Audible sharpness: swords and sounds

Audible sharpness:  swords and sounds

photo by c_liecht


Indeed, within the film-making industry, there are a whole series of “tropes” ( in the industry, an over-used or stereotypical plot device ) which revolve around the sounds swords make on being drawn, used, etc.  One of these tropes is audible sharpness, from which this article draws its title.

Practitioners have long fought against these stereotypes;  some very aggressively

 

 

While others approach the same topic with a bit more background and explanation on how the industry may have come to this practice

 

 

One Hollywood sword sound  is very real:  the “swish” a blade makes while cutting through air.   This sound is created by the turbulence the sword causes as it moves.   Blade design and geometry help create circular vortexes of air along the blade, magnifying the disturbance, creating a loud and clear sound we perceive as a “swish” (scientists say it is more like a “humming” ) as the blade moves.

Vortex-street-animation_min

Blade with blood groove

photo by One Lucky Guy

Variations in sword design mean that some blades will be quieter than others.  The design feature to which the distinctive air-cutting sound can be most attributed is the blood groove or fuller; on Japanese blades this is most commonly called the bo-hi.

There is much fiction about the groove being cut into a blade so suction will not prevent the blade from being withdrawn from a wound, a myth which has long been disproved.  Instead, blood groves are areas where metal is removed so as to create a lighter, more maneuverable blade;  most often these are carved as dished or concave lines along the length of a sword.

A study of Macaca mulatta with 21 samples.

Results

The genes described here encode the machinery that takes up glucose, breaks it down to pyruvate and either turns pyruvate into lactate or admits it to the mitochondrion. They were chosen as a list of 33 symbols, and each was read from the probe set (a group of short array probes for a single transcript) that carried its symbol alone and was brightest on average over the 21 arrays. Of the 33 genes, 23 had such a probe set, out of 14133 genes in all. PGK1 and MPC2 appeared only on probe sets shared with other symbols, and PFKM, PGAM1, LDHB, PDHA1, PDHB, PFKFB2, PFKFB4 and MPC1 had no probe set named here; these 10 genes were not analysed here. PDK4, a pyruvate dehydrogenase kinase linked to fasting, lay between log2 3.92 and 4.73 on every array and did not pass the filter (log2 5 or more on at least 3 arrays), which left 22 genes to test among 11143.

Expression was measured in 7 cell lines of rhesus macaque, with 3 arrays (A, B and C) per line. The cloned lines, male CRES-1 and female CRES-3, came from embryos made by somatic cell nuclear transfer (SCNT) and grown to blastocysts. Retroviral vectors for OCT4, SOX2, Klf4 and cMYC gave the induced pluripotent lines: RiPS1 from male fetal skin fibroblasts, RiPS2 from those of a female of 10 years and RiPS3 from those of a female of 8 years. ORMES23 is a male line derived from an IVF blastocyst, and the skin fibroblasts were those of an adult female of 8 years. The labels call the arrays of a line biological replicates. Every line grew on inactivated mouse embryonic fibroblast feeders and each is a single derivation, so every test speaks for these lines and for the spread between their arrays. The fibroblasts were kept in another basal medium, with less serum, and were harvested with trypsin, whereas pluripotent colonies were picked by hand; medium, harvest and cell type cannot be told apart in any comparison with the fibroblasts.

A  secondary effect of this curved groove is to create perfectly circular air vortexes as the blade moves… provided the blade is held so the grooves are at right angles to the direction of travel.  In other words,  the more perfectly the edge of the blade is held in line to the direction of the cut, the more air is exposed to the geometry of the blade and the grooves on both sides, and therefore the louder and clearer the “swoosh” of the cut will be.  In the Japanese arts, this alignment of edge-to-direction-of-travel — indicating a clean cut through a target would likely be made — is known as hasuji.  The actual sound the sword makes is called tachikaze (Japanese:  tachi = sword, kaze = wind, thus literally “sword wind”)

The science and physics of this effect is perfectly explained in an excellent article from Scientific American:  The Science of Swords: The Sound of Approaching Doom

It’s particularly interesting to note the author commenting on something which  my own branch of Iaido uses in training:

The thickness of a sword and the geometry of its edge are also key factors regarding how easily a sword will generate tachikaze when swung. Intriguingly, the biggest factor behind tachikaze is whether or not a sword has a groove along its backside known as a bo-hi — swords with this groove are louder than swords without it. The blunt swords known as iaito that beginning students practice with typically have bo-hi, so the students can hear when they are getting hasuji right or wrong.

In other words, even in practice without a target being present, a student can know whether or not their cut would likely have been effective by the intensity and clarity of the tachikaze they create when cutting.